Supreme Court Upholds N.Y., Conn. Bans On Semi-Automatic Weapons By Not Hearing Appeals

Children hold signs at the "One Million Moms For Gun Control" rally at New York City's City Hall on Monday, January 21, 2013. This week, the Supreme Court declined to hear appeals of bans on semi-automatic weapons in New York and Connecticut. After the shooting in Newtown, Conn., passed strict laws, banning the purchase of most semi-automatic rifles. File Photo by Monika Graff/UPI

WASHINGTON, June 20 (UPI) — The U.S. Supreme Court declined to hear appeals of state bans on semi-automatic weapons in New York and Connecticut amid resurgent debates on gun control following the Orlando, Fla., massacre.

The court’s decision to not hear the two appeals — Shew v. Malloy and Kampfer v. Cuomo — upholds federal appeals court rulings in which judges found the bans were constitutional.

Connecticut’s semi-automatic weapon ban was signed into law on April 2013, four months after the Sandy Hook massacre in which 20 children and six school employees were killed by Adam Lanza.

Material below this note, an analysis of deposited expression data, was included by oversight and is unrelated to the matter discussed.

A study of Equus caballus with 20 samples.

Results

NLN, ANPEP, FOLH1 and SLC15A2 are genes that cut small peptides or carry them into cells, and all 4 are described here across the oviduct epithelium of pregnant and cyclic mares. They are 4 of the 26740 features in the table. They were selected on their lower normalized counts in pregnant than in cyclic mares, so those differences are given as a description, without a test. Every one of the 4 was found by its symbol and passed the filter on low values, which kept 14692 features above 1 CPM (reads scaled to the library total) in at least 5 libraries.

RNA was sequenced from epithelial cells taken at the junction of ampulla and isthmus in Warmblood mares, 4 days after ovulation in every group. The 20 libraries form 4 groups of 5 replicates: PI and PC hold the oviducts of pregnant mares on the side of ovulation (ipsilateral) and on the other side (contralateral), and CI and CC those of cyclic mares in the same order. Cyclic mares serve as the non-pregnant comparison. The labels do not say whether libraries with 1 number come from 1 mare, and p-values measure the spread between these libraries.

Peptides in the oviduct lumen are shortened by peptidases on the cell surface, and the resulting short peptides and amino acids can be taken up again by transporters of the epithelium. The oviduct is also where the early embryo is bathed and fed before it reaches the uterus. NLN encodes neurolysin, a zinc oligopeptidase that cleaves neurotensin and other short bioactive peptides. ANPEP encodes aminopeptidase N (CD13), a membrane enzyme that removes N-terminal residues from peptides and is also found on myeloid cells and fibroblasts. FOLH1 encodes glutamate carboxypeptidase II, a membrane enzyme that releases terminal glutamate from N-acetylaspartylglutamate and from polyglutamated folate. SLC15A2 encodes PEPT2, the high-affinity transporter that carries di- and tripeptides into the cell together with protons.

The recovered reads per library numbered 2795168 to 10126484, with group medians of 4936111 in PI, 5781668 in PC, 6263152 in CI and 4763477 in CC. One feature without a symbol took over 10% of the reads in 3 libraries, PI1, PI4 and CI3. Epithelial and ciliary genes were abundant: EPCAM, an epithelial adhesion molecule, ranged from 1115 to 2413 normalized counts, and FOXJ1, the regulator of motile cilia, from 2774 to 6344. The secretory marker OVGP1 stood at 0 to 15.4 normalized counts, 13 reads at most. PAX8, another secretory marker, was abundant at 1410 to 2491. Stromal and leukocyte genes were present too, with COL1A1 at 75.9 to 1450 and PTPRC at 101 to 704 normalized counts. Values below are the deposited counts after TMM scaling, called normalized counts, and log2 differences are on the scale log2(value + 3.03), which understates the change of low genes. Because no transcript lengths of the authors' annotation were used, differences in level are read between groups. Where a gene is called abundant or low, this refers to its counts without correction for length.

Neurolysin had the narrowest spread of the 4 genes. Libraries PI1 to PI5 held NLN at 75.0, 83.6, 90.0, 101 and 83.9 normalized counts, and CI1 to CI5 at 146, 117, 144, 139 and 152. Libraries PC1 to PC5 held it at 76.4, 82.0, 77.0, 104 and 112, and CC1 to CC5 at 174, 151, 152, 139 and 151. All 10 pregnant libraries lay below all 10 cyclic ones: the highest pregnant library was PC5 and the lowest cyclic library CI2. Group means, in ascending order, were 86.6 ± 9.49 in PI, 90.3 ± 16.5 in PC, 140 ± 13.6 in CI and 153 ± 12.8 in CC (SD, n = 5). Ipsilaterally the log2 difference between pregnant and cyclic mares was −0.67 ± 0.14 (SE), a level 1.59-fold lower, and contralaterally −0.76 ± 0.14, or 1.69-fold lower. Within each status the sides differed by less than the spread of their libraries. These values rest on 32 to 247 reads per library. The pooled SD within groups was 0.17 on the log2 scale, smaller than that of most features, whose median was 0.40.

The law expanded an existing ban by outlawing dozens of rifle models able to hold high-capacity ammunition.

June Shew, a gun sports enthusiast in his 80s, challenged the Connecticut law thatprohibits 183 specific weapons — calling the measure “irrational.”

California, Hawaii, Maryland, Massachusetts, New Jersey, Connecticut and New York have variations of assault weapons bans.

Although the Sig Sauer MCX rifle used in the Pulse nightclub massacre in Orlando is not specifically banned in Connecticut or New York, the language of the laws can potentially cover the weapon. Forty-nine people were killed in the June 12 rampage by lone gunman Omar Mateen.

“These guns have an established track record of disproportionate use in the most serious gun crime incidents — mass shootings and killing of law enforcement,” Connecticut Attorney General George Jepsen said when arguing the Supreme Court should not hear the case.